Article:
Pregnant women need to be more selective when it comes to eating fish, according to a health group examining the draft of a federal guideline regarding fish consumption advised.

The Environmental Working Group (EWG) says that if pregnant women follow the recommendations jointly drafted by the Food and Drug Administration (FDA) and the Environmental Protection Agency (EPA), they will be at risk of exposing their unborn babies to high levels of mercury because the recommendations are not specific enough. Mercury is a chemical that can harm the brain development in fetuses and young children when consumed in large amounts.

The EWG wrote in its report that the agencies' lists of high mercury and low mercury fish that pregnant women, breastfeeding women, women looking to get pregnant and young children should avoid are not complete. For example, the FDA and the EPA classified canned albacore tuna as a low mercury fish, even though some studies have found that this type of fish can have high levels of mercury. The EWG added that canned tuna is also on the National Resources Defense Council's high-mercury seafood list.

In order to better understand the risks involved if women were to follow the FDA and EPA's guidelines, the EWG conducted a study on 254 women from 40 states who were of childbearing age. All of the women reported either eating around or slightly more than the amount that the FDA and EPA decided on in their draft recommendations, which was eight to 12 ounces of low-mercury fish and shellfish per week for women who are pregnant, nursing or planning on getting pregnant to eat. The researchers also measured the women's mercury levels.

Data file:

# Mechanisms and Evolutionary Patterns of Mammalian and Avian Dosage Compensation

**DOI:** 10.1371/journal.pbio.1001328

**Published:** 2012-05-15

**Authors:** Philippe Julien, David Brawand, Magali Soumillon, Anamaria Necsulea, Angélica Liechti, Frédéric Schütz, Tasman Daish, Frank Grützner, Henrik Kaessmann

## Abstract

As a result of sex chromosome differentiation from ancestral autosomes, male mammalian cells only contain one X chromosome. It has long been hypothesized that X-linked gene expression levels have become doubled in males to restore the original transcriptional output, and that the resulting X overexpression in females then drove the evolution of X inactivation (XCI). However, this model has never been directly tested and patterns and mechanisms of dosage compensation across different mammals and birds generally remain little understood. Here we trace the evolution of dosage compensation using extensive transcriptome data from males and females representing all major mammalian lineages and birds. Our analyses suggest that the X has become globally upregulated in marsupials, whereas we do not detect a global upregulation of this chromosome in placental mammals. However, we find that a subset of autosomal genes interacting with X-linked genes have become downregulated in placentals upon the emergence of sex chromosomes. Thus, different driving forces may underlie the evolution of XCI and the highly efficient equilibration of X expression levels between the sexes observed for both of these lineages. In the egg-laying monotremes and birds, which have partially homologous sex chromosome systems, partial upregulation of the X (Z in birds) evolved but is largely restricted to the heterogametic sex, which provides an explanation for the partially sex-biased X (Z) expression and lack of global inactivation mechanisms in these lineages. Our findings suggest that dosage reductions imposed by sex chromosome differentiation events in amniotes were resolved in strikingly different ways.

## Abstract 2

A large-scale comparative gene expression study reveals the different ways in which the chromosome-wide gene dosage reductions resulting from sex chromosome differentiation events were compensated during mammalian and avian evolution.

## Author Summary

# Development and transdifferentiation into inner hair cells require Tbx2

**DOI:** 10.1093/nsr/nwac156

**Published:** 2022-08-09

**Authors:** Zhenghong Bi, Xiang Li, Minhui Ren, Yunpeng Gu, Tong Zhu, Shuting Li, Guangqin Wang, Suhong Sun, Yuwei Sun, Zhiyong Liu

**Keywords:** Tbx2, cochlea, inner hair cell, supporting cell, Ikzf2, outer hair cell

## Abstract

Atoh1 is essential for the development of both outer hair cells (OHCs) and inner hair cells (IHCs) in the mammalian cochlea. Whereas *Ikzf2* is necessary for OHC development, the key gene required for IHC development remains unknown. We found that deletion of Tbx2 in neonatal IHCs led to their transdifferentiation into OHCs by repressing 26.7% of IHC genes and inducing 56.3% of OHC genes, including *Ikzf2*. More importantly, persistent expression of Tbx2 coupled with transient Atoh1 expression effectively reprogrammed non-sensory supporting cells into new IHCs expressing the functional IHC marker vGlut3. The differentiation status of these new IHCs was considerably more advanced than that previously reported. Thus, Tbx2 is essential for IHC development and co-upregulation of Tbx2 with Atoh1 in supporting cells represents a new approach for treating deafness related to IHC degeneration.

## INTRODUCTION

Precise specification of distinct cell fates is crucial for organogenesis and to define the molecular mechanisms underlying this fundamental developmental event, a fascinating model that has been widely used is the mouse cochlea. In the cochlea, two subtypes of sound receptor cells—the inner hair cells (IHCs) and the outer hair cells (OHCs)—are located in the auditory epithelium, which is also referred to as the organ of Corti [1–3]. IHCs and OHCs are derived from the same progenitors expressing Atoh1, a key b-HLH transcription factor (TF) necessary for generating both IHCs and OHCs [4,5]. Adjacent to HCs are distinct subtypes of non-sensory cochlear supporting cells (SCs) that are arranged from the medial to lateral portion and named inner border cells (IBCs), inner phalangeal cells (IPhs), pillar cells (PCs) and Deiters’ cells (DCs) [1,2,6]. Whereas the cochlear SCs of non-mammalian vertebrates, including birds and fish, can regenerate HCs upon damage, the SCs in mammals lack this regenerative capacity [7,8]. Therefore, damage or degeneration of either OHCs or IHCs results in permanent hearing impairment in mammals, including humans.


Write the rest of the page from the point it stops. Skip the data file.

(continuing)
The researchers found that 30 percent of the women had mercury levels that were higher than what the EPA would say was safe. Nearly 60 percent of the women had levels that would be considered dangerous by Phillipe Grandjean, an adjunct professor at the Harvard School of Public Health who conducted the mercury analysis for the study.

When the researchers looked at the type of fish that the women were eating, they found that the majority of the mercury that was ingested came from fish species that the government did not advise against. This finding suggests that the FDA and EPA guidelines are not providing clear recommendations for women, which are then putting unborn babies at risk.

"When you eat seafood during pregnancy, you get the benefits from omega-3s but from mercury you have the risk of toxicity," Grandjean said. "If you get a little bit of mercury it can be offset by the omega-3s. But that means you don't get the full benefit of the omega-3s and other nutrients in seafood. So women should minimize mercury exposure because only then will they get the maximum benefit of seafood."

The EWG is urging the FDA and the EPA to update its draft guidelines.